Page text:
Siloam is an underground tunnel network. It is born, like the rest of Mona, of iteration: a combination of ‘where have we been’ and ‘where will we go next…’

The Pharos wing, opened in 2017, included a tunnel to nowhere. David figured he’d work out later what to put there. (Nonda Katsalidis, architect: ‘Stop building tunnels for no reason.’)

Then it occurred to us, arguably a little belatedly, that access to Pharos was severed at certain times of the year, when parts of the gallery are closed to install or take down our exhibitions. Siloam is a response (an over-stimulated one, perhaps) to that problem.

The Siloam tunnel takes you from the museum’s underground galleries, to the colourful, airy Pharos wing; between light and dark; between sandstone bedrock and the River Derwent.

Mona Confessional, 2016–19, Oliver Beer

Along the way you’ll find Oliver Beer’s giant ear, Mona Confessional; and Chris Townend’s sound installation, Requiem for Vermin—that we're calling (possibly correctly) the largest multichannel sound-based artwork in the world. Up one level are the bones of a Qing dynasty house (White House, by Ai Weiwei).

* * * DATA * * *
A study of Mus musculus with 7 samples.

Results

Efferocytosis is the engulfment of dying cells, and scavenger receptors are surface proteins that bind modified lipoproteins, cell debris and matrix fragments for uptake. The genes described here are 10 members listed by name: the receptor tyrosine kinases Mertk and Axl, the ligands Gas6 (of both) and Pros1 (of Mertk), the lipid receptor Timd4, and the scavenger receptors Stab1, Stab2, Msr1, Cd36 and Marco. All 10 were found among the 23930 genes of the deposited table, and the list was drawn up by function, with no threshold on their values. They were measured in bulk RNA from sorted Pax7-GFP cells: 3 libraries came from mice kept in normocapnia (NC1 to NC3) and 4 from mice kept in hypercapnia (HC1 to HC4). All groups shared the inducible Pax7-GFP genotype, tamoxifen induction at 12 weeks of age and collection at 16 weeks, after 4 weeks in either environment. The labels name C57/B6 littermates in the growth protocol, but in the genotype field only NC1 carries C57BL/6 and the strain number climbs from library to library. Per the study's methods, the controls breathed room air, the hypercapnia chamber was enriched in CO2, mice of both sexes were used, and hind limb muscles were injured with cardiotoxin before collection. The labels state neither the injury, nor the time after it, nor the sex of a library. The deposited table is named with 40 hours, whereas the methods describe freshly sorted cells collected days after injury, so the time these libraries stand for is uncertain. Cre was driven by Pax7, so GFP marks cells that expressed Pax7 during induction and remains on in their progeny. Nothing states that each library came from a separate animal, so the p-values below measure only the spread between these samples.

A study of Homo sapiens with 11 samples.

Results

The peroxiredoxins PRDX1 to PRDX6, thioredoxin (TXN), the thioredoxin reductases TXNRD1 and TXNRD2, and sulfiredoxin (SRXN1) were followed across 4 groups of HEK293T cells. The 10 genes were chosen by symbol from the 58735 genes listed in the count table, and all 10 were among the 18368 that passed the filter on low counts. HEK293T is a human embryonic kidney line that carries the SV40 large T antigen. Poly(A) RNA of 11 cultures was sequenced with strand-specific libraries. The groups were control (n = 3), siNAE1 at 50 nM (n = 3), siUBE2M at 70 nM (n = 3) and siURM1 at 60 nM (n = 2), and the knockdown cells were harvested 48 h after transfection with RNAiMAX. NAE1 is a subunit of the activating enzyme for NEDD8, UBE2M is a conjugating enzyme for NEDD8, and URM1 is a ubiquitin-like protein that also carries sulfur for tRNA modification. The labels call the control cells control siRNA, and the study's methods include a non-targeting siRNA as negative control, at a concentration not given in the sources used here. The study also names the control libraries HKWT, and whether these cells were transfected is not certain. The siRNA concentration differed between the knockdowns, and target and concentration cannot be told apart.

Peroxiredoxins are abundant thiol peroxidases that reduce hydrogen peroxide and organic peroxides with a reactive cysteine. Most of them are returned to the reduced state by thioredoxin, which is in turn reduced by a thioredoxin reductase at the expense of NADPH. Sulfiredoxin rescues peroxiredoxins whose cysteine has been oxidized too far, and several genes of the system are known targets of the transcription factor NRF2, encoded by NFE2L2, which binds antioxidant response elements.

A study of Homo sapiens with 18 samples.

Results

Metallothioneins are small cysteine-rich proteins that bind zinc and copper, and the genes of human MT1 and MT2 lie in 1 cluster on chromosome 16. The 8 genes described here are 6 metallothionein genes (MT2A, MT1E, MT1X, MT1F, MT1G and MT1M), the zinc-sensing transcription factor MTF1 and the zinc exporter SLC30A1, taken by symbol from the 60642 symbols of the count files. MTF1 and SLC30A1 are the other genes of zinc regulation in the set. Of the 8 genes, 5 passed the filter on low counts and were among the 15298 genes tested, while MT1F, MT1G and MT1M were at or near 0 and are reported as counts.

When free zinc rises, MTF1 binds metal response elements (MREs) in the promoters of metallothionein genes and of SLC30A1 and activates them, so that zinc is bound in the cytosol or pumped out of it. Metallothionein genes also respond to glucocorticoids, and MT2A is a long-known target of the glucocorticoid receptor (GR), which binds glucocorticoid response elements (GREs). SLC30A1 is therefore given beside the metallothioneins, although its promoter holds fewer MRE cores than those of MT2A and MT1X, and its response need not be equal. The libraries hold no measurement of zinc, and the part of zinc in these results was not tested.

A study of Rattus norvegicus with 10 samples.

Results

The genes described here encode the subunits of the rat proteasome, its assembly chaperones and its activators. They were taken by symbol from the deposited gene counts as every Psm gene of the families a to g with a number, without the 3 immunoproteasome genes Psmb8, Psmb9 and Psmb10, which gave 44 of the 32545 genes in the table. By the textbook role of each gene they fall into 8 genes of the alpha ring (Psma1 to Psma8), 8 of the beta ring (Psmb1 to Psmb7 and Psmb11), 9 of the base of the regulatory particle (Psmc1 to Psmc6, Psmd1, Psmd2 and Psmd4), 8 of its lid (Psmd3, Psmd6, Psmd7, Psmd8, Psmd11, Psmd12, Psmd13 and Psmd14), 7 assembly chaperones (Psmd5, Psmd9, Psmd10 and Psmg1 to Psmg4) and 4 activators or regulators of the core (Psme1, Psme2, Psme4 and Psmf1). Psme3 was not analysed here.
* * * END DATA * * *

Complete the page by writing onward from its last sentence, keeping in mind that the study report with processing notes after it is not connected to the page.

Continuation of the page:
White House, 2015, Ai Weiwei

Siloam also hosts The Divine Comedy, by artist Alfredo Jaar—a three-stage journey through the chambers of the afterlife. Hell, purgatory, paradise.

The Divine Comedy (entrance), 2019, Alfredo Jaar

Siloam is free with museum entry, but you need to book tickets ($20) to The Divine Comedy. Bookings may be available via the O on the day of your visit.